Dubai eco nursery helps children learn the value of recycling
Serving Dubai for the past four years, Home Grown has become more than just an eco nursery teaching children how to recycle. It has become a community waypoint for waste management.
Before Dubai Municipality installed recycling bins in the neighbourhood of Al Safa, the nursery was the only recycling collection point available to the community. Today, it still serves that role, but to a lesser extent.
“Now houses have recycling chutes, but we still provide a collection service for parents that are working in offices, so we tell them to bring their office paper,” said Beverly Jatwani, an Indian who cofounded Home Grown.
The nursery uses these materials in the Green Engagement programme, where children use materials intended for the trash to make art.
Aside from using these materials in its in-house student projects, the nursery also organises drives to raise awareness about recycling.
Choosing a different recyclable each month, Home Grown prompts parents to collect and bring in items as it alternates between glass, paper, plastics, etc.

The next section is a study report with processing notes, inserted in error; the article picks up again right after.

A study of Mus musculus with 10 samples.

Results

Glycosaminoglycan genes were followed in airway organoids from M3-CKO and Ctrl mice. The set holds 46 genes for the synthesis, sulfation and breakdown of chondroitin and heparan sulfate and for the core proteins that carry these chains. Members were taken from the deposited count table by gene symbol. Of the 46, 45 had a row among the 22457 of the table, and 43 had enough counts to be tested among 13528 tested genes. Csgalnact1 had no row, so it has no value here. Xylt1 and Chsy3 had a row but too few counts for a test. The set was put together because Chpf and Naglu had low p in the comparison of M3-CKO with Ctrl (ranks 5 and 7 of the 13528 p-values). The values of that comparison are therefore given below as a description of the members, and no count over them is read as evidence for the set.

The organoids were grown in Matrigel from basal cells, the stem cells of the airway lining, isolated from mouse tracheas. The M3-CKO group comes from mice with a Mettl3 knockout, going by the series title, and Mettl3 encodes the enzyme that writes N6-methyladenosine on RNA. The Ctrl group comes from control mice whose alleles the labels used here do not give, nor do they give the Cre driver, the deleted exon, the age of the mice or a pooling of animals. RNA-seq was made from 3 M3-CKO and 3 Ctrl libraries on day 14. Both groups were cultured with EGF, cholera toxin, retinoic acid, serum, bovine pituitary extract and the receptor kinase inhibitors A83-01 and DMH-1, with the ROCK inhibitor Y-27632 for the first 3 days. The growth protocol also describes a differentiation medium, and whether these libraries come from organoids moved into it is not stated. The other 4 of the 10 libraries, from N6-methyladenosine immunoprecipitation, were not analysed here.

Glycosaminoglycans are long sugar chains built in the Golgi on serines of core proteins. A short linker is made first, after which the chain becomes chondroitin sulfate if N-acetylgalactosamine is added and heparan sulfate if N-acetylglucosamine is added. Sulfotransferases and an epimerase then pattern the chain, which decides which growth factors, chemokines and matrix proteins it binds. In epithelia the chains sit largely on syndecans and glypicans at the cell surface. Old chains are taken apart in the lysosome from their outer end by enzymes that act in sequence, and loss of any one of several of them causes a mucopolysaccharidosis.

“Central to our ethos is getting the parents involved,” Ms Jatwani said. “We can do it here in the nursery, but if we want to extend this green way of thinking it needs to be done at home, and enforced constantly.
“The reason why we involve parents is that we can’t do it single-handedly. We can do it here at the nursery, at different stages in a child’s life, but after they leave the nursery they need more from their parents,” she said.
Donna Gosling’s two children have been attending Home Grown since it opened in 2011, and she has seen a positive change.
“My daughter has moved on from Home Grown to school, and with that foundation now it is more about educating on what to do,” she said.
Future generations should be held responsible for conscious waste management and children need to learn early the importance of recycling, Ms Jatwani said.
“This is about building a foundation,” she said. “More so, they will talk about it and they are more aware of it.”
Rashika Chainani, a British expatriate and mother of two, said it was never too early to teach children good habits.
“I think the habits you learn as a child are what you will take with you the rest of your life,” she said. “A lot more can be done in the UAE in terms of having that presence of recycling – just by giving people the option of where to throw their rubbish.”
Ms Chainani said there are other measures as well as education to get people to be more environmentally friendly, such as making recycling mandatory in the workplace.